DALLAS—A musician in Dallas is dealing with road rash on his face and stitches over his eye after he says a rental scooter rider plowed into him on the sidewalk while he was leaving work.
Cody Daniels, 31, is likely the city’s first hit-and-run victim via rental scooter.
On Wednesday, he was leaving his job in downtown Dallas near the aquarium when he says he was blindsided by a man riding a Lime rental scooter.
Daniels showed WFAA where the collision happened. He says he was walking out of a parking garage, and couldn’t immediately see anyone coming to the left of him because of a concrete wall.
“I couldn’t see around the corner, because of this wall here—I took one step past it and felt the impact,” Daniels said.
“When I opened my eyes, the first thing I saw was the scooter—and I felt the blood on my face.”
Daniels said his co-workers treated him with first aid before he left to visit an urgent care. There he received 7 stitches over his right eye.
And here’s the worst of it all, Daniels said that the rider who hit him just left the scene.
“He was in his 50’s or 60’s,” Daniels said. “He was riding with a little girl, and told my manager that I jumped out in front of him.”
“I’m walking after a long day of work—I’m not jumping anywhere you know.”
Because the rider took off, Daniels will be paying off his urgent care bill on his own—which he said will probably cost around $400.
Daniels said he has health insurance but isn’t sure if the amount meets his deductible. “It really sucks,” he said.
Plus, Daniels said the rider was on the sidewalk. A big no-no in downtown Dallas.
Late last month, the city agreed to a 6-month trial run with electric rental scooters. They travel up to 15 mph after the rider pays a fee.
You can’t ride on sidewalks in the Central Business District (which includes Deep Ellum and Downtown Dallas), and you can’t ride in a street where the speed limit is over 35 mph.
Failure to do so could get you a fine up to $500. But nobody seems to be enforcing it.
WFAA drove around Deep Ellum and Downtown Dallas for about 30 minutes Friday and noticed over a dozen scooter riders cruising on sidewalks.
“You just want to stop and scream at all of them,” Daniels said. “Get off the sidewalk.”
Lime sent WFAA a statement after asking what a pedestrian should do if they get hit by a scooter.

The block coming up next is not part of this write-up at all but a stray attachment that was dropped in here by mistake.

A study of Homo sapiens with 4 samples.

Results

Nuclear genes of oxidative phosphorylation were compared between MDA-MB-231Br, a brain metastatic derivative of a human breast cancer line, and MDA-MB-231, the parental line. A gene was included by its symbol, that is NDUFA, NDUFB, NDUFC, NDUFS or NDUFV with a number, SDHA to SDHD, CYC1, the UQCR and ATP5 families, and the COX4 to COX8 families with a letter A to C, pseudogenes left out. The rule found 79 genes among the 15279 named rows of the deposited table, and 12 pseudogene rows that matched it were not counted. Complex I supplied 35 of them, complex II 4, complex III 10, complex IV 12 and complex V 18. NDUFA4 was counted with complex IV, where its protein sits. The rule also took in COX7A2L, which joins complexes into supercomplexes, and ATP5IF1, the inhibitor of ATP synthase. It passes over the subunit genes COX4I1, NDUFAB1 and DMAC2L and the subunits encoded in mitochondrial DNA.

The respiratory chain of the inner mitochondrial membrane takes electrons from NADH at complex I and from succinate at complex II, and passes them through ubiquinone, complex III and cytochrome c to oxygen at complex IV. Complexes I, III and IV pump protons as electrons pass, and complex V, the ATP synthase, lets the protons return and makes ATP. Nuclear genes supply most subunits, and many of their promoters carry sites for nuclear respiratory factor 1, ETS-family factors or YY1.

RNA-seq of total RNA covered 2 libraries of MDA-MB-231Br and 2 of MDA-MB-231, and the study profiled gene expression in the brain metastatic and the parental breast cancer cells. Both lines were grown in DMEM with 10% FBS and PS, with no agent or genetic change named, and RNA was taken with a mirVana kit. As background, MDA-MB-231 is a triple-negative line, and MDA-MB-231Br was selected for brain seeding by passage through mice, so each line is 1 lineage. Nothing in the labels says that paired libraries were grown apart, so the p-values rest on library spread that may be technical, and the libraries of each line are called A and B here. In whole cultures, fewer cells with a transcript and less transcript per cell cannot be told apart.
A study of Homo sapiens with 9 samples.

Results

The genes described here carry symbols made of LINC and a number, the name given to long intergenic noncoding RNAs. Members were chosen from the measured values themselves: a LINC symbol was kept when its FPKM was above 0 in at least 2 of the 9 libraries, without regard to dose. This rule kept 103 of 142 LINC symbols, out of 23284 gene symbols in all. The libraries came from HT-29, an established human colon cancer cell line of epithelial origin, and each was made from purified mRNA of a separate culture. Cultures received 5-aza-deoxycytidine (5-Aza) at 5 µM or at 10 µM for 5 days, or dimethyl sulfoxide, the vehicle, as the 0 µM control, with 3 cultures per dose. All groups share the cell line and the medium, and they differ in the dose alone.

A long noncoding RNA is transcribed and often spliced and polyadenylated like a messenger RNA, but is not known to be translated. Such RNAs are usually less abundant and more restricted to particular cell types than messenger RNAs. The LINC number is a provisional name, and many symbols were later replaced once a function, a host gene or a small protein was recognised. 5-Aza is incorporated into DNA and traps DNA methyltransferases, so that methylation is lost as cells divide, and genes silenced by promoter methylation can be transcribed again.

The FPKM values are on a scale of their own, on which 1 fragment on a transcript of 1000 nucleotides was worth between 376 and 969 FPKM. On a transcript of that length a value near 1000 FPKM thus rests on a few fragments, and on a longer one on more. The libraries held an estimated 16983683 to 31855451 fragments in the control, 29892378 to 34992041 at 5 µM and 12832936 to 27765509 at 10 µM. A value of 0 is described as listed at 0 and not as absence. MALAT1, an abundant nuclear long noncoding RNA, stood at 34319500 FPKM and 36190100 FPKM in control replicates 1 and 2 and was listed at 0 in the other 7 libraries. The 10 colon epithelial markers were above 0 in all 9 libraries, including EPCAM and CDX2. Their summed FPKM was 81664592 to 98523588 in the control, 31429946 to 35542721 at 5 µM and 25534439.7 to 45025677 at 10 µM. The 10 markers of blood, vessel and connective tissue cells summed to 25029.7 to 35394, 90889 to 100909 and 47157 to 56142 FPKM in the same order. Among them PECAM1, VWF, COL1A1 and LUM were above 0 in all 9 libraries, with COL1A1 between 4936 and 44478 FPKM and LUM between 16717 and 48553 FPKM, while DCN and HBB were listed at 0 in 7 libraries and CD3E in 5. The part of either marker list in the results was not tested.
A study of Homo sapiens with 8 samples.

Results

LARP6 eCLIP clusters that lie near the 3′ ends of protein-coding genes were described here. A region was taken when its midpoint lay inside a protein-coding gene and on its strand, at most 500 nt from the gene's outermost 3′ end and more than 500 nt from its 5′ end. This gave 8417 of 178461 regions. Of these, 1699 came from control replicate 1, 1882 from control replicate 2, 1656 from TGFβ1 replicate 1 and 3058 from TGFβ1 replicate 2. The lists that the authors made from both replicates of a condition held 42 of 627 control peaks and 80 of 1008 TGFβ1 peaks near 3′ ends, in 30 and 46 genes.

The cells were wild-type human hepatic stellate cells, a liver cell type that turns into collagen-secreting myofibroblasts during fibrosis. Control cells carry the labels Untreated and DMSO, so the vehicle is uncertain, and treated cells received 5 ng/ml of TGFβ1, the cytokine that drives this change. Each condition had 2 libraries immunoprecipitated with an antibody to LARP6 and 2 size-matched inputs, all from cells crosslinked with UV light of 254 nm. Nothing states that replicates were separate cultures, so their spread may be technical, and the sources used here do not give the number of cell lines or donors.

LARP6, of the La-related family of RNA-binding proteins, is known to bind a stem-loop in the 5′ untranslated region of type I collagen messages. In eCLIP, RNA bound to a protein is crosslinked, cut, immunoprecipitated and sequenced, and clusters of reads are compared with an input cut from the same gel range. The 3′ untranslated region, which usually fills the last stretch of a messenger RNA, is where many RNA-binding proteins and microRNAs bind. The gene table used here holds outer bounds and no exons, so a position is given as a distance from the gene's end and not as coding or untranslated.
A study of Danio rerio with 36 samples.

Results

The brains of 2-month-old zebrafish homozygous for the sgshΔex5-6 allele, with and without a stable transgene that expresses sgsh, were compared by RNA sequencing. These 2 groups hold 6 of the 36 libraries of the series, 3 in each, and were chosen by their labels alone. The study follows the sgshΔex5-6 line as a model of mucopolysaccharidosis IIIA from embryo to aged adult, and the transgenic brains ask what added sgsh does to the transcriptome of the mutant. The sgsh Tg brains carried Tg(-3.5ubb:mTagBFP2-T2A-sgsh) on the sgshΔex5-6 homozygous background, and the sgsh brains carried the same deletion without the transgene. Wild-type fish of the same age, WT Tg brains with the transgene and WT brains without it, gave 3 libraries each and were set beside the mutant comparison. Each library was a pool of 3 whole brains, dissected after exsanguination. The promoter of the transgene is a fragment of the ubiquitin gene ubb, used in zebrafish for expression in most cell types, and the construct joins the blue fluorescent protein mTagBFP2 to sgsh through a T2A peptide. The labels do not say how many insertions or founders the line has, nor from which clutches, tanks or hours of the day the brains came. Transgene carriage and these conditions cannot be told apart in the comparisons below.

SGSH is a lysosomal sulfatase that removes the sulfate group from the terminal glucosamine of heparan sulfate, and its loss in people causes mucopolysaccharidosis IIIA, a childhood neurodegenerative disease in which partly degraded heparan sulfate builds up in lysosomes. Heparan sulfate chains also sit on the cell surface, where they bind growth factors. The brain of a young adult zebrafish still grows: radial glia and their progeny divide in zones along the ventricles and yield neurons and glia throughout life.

That statement is below:
“We do not tolerate the unsafe riding behavior of any kind and encourage riders to always be responsible and safe when operating any of Lime’s products.
To promote safe riding, we inform riders of safe riding practices both in the app and on the scooter, itself; we encourage them to wear helmets and advise against unsafe scooter behavior like performing stunts. In order to unlock a Lime scooter for the first time, all riders must go through an in-app tutorial that includes safety tips.
Together with the community, we hope to create a culture that trains people to view shared scooters and bikes as their own, and with that is creating a culture where safe, responsible use and riding becomes a natural habit.”
Daniels’ manager was able to snap a picture of the scooter involved in the accident. WFAA forwarded it to Lime’s PR team in hopes that they could identify the rider who hit Daniels.
The 31-year-old said he plans to file a police report with DPD. Officials in the traffic department told News 8 that the most someone could be charged with is assault and not hit-and-run.
If anything, Daniels just wants people who walk downtown and in Deep Ellum to keep their heads on a swivel.
“I’m not going to be the last someone,” he said. “Someone is going to get hurt and it’s going to be worse than me.”
Scooter accidents are already growing in places like Los Angeles and Santa Monica. On Tuesday, a Dallas woman told WFAA how she was sent to the ER after she crashed her rental scooter during her first ride.